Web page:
Effective, Privacy-First Display Advertising: Ambient Intelligence for Online Ambient Environments

Effective, Privacy-First Display Advertising: Ambient Intelligence for Online Ambient Environments

Ratko Orlandic (Gorsel, Inc., USA)
DOI: 10.4018/978-1-5225-1793-1.ch062

This chapter addresses the problem of architecting display ad networks for online social media. The basic question behind this work is: Can display advertising in social media be effective while providing rigorous privacy guarantees? The chapter exposes the problems that display advertising faces in social media, introduces a display ad-network architecture organized around the goals of effectiveness and privacy enforcement, and describes a type of social media for which the architecture is ideally suited. To deliver high effectiveness in a social media environment, the ad network must function as an embedded component of the environment with ambient intelligence. Moreover, the architecture must constrain data and mechanisms in order to deliver rigorous privacy guarantees as a baseline and an additional set of choices to enforce even stricter views on privacy. Ambient social media sites, described later in the chapter, are the most appropriate form of social media for the proposed architecture.

Computational advertising (Anagnostopoulos, Broder, Gabrilovich, Josifovski, & Riedel, 2007; Choi et al., 2010; Yan et al., 2009) has been one of the main forces behind the success of Web. As long as users appear on Web in increasing numbers and the investment into online marketing grows, Web will continue to be a place of growth and innovation. To keep the process going, online advertising should maximize the synergy of factors that contribute to the effectiveness of ad serving, while minimizing factors detrimental to response.

Privacy is another major concern of contemporary data analysis (Dwork, 2011), including computational advertising. Information about the user or the user’s Web behavior can be intrusive. So can the data derived from privately-generated content. Despite some tension between response and privacy goals, rigorous privacy enforcement is not only conducive to higher response but an important pre-requisite for it. Anything less deters users from clicking on ads.

In online display advertising, ad exposures appear within or next-to the displayed Web page. This form of advertising has become the main revenue generator for publishing media (Lee, 2012). The relative success of online display advertising and the explosive growth of online social media (Bakshy, Rosenn, Marlow, & Adamic, 2012; Park, Lee, Kim, & Chung, 2013; Sang & Hu, 2013) have fueled the expectations that display advertising can be just as advantageous in online social media settings. However, an integration of display advertising in social media requires a full awareness of potentially ensuing problems.

In this paper, we pursue the design of ad networks for online display advertising in social media environments. Whether and where in online social media can such advertising be effective and adhering to strict privacy constraints is the question that motivates this work. We will not pursue a universal solution for all kinds of social media, but one that can deliver high effectiveness in types of social media that facilitate the goals of effectiveness and privacy enforcement. The paper exposes the problems that display advertising faces in social media, presents a display ad-network architecture organized around the two goals, and describes a type of social media for which the architecture is ideally suited.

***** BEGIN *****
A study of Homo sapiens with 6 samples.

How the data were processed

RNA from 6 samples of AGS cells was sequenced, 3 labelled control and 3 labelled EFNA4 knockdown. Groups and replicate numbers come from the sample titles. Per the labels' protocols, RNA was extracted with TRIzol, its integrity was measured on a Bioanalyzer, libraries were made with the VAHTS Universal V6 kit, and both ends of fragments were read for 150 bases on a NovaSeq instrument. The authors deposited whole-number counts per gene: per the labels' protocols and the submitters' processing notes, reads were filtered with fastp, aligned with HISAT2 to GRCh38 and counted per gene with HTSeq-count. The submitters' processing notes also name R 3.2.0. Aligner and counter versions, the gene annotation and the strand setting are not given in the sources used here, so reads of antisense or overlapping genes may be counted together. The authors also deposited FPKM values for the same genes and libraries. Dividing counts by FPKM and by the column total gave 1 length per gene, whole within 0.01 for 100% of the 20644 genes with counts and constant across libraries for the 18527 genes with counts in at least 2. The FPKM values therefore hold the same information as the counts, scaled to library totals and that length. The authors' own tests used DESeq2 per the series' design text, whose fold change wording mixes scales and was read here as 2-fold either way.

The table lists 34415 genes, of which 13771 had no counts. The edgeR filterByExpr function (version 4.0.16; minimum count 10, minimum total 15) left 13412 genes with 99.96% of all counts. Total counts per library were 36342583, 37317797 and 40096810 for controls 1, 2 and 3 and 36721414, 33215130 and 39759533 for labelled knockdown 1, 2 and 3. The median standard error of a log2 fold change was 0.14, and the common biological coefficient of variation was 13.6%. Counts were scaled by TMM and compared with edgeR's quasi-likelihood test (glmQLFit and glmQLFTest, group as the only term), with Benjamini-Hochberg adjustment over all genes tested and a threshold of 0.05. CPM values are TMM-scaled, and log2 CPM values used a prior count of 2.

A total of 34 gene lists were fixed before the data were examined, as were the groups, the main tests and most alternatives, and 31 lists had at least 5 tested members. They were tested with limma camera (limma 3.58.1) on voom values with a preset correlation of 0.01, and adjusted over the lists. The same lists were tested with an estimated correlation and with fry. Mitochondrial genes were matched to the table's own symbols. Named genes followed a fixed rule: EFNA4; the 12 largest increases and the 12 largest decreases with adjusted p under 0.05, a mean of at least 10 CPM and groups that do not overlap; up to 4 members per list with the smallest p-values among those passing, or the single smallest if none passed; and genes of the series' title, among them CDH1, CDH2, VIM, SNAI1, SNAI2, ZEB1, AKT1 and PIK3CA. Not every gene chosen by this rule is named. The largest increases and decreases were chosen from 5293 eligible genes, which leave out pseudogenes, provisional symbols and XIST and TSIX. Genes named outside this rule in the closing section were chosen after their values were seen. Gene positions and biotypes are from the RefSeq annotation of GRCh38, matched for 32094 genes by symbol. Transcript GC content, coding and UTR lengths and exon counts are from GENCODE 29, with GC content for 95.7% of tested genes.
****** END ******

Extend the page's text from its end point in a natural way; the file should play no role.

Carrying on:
The goals of ad-network architecture for display advertising in online social media are largely the same as in display advertising in general: high effectiveness; rigorous privacy enforcement; support for cost-per-click and cost-per-thousand-impressions payment methods; automatic segment generation; scalability; and extensibility. To achieve these goals in social media, the ad network should function as an embedded, context aware, personalized, adaptive, and anticipatory part of the environment. In other words, in these environments, it must exhibit the properties of Ambient Intelligence (Aarts, 2004; Sadri, 2011).

The architecture proposed in this chapter, called Amina, pursues a semantic approach to higher response, organizing its processes to match the semantics of the targeted environment with that of an ad. The ad campaigns undergo two phases, called bootstrap and performance, in order to differentiate the pricing model, maximize the effectiveness of promising campaigns, and filter out early non-achieving campaigns. The key to the effectiveness are the architecture’s segmentation processes, which construct contextual and behavioral models for the purposes of ad serving. The main observation behind these processes is that the same segment cannot generate both sufficient reach to bootstrap a campaign and required relevance for the effectiveness of the campaign. Instead, the campaigns are organized to: a) generate the reach and achieve minimal click goals through contextual targeting (bootstrap phase); then b) boost the performance of the campaign through automatic click prediction (performance phase).